The vas deferens are a pair of long, muscular tubes that extend from the epididymis to the pelvic cavity at the level of the bladder. During ejaculation, sperm are transported by the vas deferens from the epididymis through the urethra and out of the body.
Also known as the ductus deferens, the vas deferens are a vital part of male reproductive system and male fertility. The vas deferens are the tubes that are cut when undergoing a vasectomy, which is a surgical procedure for male sterilization that prevents sperm from leaving the body.
The vas deferens appear as a pair of thick, muscular tubes. The tubes are identical to each other, measuring approximately 12 inches (30 cm) in length.(1) These vas deferens branch off from the spermatic cord, which also contains blood vessels and a system of nerve fibers wrapped in connective tissue.
The vas deferens start at the epididymis, where sperm is collected after it has been produced in the testes. The vas deferens run from the epididymis into the pelvic area to just behind the bladder.
These two tubes then branch off, forming two ampullae that are attached to the bladder’s left and right walls. These ampullae serve as storage receptacles for semen, eventually connecting with the ejaculatory ducts and then to the urethra.(2)
The vas deferens are composed of three layers:
- The Adventitia – The outermost layer of connective tissue
- The Muscular Coat – made up of different layers of muscle fibers, lies beneath the adventitia.
- The Mucous Coat – The innermost layer, lined with columnar epithelial cells.(3)
It is possible to born without the vas deferens. Although rare, this condition causes infertility. A congenital absence of vas deferens may occur without a known cause, but it is frequently linked with another genetic condition known as cystic fibrosis.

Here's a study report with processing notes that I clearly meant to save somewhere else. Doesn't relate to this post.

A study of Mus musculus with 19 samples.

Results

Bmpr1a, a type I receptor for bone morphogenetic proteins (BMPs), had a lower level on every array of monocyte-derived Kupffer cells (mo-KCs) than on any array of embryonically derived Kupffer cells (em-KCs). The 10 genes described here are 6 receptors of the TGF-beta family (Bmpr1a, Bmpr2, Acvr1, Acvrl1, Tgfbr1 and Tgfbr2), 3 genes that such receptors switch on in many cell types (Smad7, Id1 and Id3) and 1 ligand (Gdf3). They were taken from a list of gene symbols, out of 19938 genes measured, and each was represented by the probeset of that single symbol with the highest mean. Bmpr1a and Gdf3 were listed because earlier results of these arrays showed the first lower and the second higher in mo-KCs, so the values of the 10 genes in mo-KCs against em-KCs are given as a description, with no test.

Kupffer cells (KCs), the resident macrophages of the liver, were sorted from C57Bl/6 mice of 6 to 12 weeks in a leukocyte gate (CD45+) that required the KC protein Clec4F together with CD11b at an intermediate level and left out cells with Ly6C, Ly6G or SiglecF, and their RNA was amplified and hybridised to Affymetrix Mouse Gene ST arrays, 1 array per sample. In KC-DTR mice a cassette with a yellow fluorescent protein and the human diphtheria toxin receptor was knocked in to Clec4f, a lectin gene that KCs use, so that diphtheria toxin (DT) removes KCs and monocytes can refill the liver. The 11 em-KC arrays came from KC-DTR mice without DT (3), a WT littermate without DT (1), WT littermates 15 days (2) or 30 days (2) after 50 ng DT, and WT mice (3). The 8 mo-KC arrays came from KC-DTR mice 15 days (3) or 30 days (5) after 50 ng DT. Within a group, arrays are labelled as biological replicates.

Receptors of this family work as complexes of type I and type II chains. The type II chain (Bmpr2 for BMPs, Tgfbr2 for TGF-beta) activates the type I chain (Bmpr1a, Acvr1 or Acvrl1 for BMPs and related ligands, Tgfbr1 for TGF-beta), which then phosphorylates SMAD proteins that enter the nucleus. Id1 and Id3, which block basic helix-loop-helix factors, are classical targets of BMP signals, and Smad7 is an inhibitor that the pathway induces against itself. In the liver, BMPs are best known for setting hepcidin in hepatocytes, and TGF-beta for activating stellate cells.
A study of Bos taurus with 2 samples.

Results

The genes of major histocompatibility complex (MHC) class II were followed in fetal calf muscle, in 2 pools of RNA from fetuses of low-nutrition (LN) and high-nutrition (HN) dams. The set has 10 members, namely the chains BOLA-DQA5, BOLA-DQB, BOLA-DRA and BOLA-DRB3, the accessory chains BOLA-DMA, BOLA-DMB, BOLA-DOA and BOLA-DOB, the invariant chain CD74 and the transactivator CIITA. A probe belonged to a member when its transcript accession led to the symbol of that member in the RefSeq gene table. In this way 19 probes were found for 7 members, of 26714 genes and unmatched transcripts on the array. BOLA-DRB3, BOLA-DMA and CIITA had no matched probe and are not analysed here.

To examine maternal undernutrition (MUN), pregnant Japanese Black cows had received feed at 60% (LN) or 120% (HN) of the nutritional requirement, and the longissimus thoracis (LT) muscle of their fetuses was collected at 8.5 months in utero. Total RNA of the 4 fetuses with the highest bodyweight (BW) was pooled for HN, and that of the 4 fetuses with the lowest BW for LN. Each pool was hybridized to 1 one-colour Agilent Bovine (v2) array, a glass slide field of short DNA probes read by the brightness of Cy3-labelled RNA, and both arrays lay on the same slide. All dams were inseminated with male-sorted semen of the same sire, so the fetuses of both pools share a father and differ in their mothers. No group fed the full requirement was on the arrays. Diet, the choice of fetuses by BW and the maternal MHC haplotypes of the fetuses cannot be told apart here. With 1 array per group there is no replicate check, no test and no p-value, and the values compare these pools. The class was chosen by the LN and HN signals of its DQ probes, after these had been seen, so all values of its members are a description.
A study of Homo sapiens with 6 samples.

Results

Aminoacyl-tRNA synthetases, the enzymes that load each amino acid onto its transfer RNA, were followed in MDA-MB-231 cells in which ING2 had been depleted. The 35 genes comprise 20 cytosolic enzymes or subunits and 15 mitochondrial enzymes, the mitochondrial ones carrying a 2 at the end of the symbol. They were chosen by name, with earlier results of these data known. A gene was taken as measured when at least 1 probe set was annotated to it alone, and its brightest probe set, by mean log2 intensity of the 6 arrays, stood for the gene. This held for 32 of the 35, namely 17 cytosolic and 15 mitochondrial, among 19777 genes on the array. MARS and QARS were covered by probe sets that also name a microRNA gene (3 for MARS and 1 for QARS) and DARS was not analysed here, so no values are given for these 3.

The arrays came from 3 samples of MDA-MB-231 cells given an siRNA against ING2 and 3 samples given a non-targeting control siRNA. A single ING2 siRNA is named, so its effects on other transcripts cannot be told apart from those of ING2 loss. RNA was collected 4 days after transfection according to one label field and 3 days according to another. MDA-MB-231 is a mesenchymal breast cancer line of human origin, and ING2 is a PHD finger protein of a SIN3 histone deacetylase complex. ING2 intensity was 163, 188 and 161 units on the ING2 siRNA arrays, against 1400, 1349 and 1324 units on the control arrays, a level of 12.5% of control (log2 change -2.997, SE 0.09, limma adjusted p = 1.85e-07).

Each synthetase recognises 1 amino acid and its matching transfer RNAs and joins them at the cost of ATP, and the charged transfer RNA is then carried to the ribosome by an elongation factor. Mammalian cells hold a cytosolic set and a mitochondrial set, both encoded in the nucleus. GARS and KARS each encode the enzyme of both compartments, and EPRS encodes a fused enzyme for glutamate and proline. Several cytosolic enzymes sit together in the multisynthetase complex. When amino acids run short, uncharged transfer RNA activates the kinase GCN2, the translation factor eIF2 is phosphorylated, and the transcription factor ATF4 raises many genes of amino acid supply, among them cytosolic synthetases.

Although males born with an absence of vas deferens are usually infertile, the condition doesn’t affect sex drive or the capability to have sex 3 Some men born without vas deferens are still able to father children with the help of assisted reproductive technology.(4)
Function of the Vas Deferens
The main purpose of the vas-deferens is to transport sperm (in Latin, the term vas-deferens translates as “carrying-away vessel”). The testes produce sperm and it is then transferred to the epididymis.
This structure, which looks like a coiled tube, stores sperm until it matures. When the penis becomes erect, it signals the sperm cells to leave the epididymis and move into the vas deferens.(5)
The vas deferens pushes the sperm forward through muscular contractions. As sperm cells reach the ampullae they are joined with seminal fluid from the seminal vesicle. The seminal fluid is pushed from the ampullae through the ejaculatory ducts, past the prostate gland, where it is mixed with a milky secretion.
Finally, the entire mixture (ejaculate) exits the body through to the urethra.